By the time the U.S. government’s Department of Homeland Security office convened its April 2016 Cyber Incident Data and Analysis Repository Workshop in Arlington Virginia to “discuss the value and the feasibility of a cyber incident data and analysis repository,” the department had already established a Cybersecurity and Infrastructure Security Agency as part of the DHS umbrella of services.
Despite the establishment of this entity, the number of cyber attacks on U.S. businesses and government entities had exacerbated, bringing some of them to their knees and forcing them to pay bitcoin ransoms demanded by hackers.
In 2021 alone, analysts within Illinois’ Touro College & University System documented the “The 10 Biggest Ransomware Attacks of 2021,” detailing the most egregious incidents that headlined news: the Colonial Pipeline and JBS Foods incursions. University cyber attack experts say that these incidents are just the tip of the iceberg. Even the National Basketball Association sustained a hit, proving hackers are quite versatile when targeting their victims.
Cyber Liability Insurance; fast becoming an essential for businesses
What can a business owner do to protect their interests from malware and other types of cyber attacks? According to attorney Brenda R. Sharton writing for the Harvard Business Review, “the game has changed,” as hackers get more creative, indiscriminately gleaning valuable information and then delivering what Sharton calls “a “pay up or else” ultimatum to ensure data privacy.
The name of the game has become reducing risk by taking intelligent steps to stop criminals before breaches occur and especially by acquiring a cyber insurance policy with adequate coverage to reflect “the current reality” all businesses face. As complicated as this problem has become, the issue of cyber liability insurance coverage has grown equally complex since cyber policies are not standardized.
Further while Cyber Liability Insurance is designed to cover financial losses resulting from data breaches, policies have become quite diverse. Some may or may not include both first- and third-party coverage. Complexity of policies are further complicated by out-of-pocket expenses that must be borne by the policy holder, not to mention diverse liability issues that confront policy owners if lawsuits are brought by auxiliary victims of a business hack.
9 Coverage types commonly included in Cyber Liability Insurance policies
1. Data restoration and/or replacement of software, programs destroyed during a cyber attack.
2. Loss of income as a direct result of operations being brought to a halt.
3. Additional expenses associated with restoration of systems that have been destroyed by data breaches.
4. Coverage for cyber extortion reimbursements resulting from ransom demands made that threaten to release confidential data.
5. Fees associated with hiring experts to negotiate extortionist demands and conditions.
6. Funds necessary to institute a notification system designed to inform impacted parties of data privacy incursions — particularly important since personal information of individuals can be compromised leaving personal credit data vulnerable to theft.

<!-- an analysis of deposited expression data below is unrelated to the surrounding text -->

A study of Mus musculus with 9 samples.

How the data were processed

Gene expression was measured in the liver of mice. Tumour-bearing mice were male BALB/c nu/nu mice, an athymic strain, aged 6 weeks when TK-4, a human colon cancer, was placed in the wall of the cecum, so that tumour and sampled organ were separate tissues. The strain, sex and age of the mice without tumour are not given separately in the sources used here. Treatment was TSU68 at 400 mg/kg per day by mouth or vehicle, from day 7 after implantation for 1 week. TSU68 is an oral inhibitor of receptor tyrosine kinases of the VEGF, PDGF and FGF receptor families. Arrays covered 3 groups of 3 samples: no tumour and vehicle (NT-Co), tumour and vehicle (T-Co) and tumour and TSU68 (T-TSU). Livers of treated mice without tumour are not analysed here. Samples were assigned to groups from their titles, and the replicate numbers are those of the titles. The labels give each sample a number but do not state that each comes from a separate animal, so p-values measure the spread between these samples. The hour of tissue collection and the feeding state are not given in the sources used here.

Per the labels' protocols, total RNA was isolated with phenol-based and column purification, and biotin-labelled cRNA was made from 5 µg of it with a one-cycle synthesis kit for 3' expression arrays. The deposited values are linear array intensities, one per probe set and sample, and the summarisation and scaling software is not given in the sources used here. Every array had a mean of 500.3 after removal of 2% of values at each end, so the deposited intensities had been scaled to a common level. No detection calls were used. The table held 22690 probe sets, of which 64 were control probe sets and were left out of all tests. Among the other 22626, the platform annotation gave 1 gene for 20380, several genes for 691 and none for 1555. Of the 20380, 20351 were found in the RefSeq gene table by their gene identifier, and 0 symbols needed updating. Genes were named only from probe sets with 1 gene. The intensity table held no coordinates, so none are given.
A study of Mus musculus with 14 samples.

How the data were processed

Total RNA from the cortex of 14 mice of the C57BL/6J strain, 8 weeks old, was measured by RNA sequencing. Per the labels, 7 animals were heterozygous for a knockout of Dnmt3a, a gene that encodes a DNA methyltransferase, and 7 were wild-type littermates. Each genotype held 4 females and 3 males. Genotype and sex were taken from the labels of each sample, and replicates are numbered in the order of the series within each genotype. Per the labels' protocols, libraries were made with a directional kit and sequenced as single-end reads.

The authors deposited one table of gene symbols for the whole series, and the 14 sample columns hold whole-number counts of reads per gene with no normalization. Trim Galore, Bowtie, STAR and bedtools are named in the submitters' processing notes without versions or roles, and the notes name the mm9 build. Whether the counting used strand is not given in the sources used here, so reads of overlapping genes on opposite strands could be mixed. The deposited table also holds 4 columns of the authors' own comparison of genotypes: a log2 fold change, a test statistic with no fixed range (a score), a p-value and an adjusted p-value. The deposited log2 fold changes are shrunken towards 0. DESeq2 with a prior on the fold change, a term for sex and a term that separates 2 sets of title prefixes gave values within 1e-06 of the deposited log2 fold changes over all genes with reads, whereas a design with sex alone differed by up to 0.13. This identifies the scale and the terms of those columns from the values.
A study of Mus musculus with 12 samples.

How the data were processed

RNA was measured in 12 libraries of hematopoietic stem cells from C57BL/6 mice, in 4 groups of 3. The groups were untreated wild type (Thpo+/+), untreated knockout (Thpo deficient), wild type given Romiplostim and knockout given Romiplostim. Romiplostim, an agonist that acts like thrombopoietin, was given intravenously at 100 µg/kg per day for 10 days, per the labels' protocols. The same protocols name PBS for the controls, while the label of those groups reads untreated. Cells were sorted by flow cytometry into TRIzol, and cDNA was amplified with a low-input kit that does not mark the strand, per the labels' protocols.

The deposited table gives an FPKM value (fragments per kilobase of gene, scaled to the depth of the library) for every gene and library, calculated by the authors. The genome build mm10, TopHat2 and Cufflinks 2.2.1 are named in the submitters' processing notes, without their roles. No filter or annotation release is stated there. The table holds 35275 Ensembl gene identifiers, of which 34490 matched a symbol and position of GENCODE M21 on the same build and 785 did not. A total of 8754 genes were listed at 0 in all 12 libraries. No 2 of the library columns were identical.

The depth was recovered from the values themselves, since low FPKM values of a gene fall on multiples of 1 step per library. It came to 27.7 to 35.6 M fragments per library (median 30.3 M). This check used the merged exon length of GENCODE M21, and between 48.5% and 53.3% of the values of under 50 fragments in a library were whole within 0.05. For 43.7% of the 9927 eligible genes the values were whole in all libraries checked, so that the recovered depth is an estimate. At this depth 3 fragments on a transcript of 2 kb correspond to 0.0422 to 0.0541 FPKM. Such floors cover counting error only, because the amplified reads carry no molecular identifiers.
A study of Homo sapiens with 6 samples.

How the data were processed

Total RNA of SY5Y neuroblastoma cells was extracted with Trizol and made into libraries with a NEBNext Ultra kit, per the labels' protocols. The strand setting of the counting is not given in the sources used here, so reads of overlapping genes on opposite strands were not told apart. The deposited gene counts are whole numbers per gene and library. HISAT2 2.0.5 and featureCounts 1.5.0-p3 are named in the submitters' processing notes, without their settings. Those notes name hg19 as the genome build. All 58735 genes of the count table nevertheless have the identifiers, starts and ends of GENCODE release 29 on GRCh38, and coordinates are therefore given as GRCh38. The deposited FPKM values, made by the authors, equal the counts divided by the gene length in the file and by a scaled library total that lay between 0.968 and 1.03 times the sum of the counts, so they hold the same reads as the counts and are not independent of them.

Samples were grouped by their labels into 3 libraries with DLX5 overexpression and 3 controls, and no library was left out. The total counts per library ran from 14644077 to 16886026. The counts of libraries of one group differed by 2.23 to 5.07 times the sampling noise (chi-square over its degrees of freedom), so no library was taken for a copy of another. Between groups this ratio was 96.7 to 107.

7. Crisis management expenses not limited to lawyers, computer experts, forensic accountants and public relations professionals trained to mitigate reputation damage. Additionally, coverage extends to regulatory proceedings that are related to data breaches.
8. Network security and privacy liability coverage associated with lawsuits originated by clients who were impacted by the cyber attack and had their data privacy impacted.
9. Electronic media liability coverage designed to hold a company harmless should a hack result in privacy invasions, copyright and domain infringement issues, libel, slander, and defamation associated with Internet-related publication.
Cyber Liability Insurance coverage exclusions
As of this time, insurance companies offering Cyber Liability Insurance do not offer coverage related to the following situations:
-War and terrorism
-Cyber incursions occurring before the policy’s stated retroactive date
-Failures associated with utilities rather than malware placement or hacking
-Property damage and bodily injury claims
-Contractual liabilities that are spelled out within the language of the contract
-Dishonest acts proven to have been initiated by the insured party
-Costs incurred by a business using a cyber attack as an excuse to upgrade and restore a network to “a higher level of functionality” than the previous system’s capacity.
Cyber Liability Insurance is fast becoming an essential facet of doing business in the U.S. and abroad, thus it is wise to stay abreast of changes and laws associated with this type of coverage as well as doing the high-quality research needed to find the best coverage possible for unique business models.
According to Insurance Business Magazine, the publication of Insurance Business America, the top 10 companies offering this type of insurance tend to change by the year, which is why savvy business owners are wise to keep tabs on which companies are delivering the latest and most comprehensive coverage.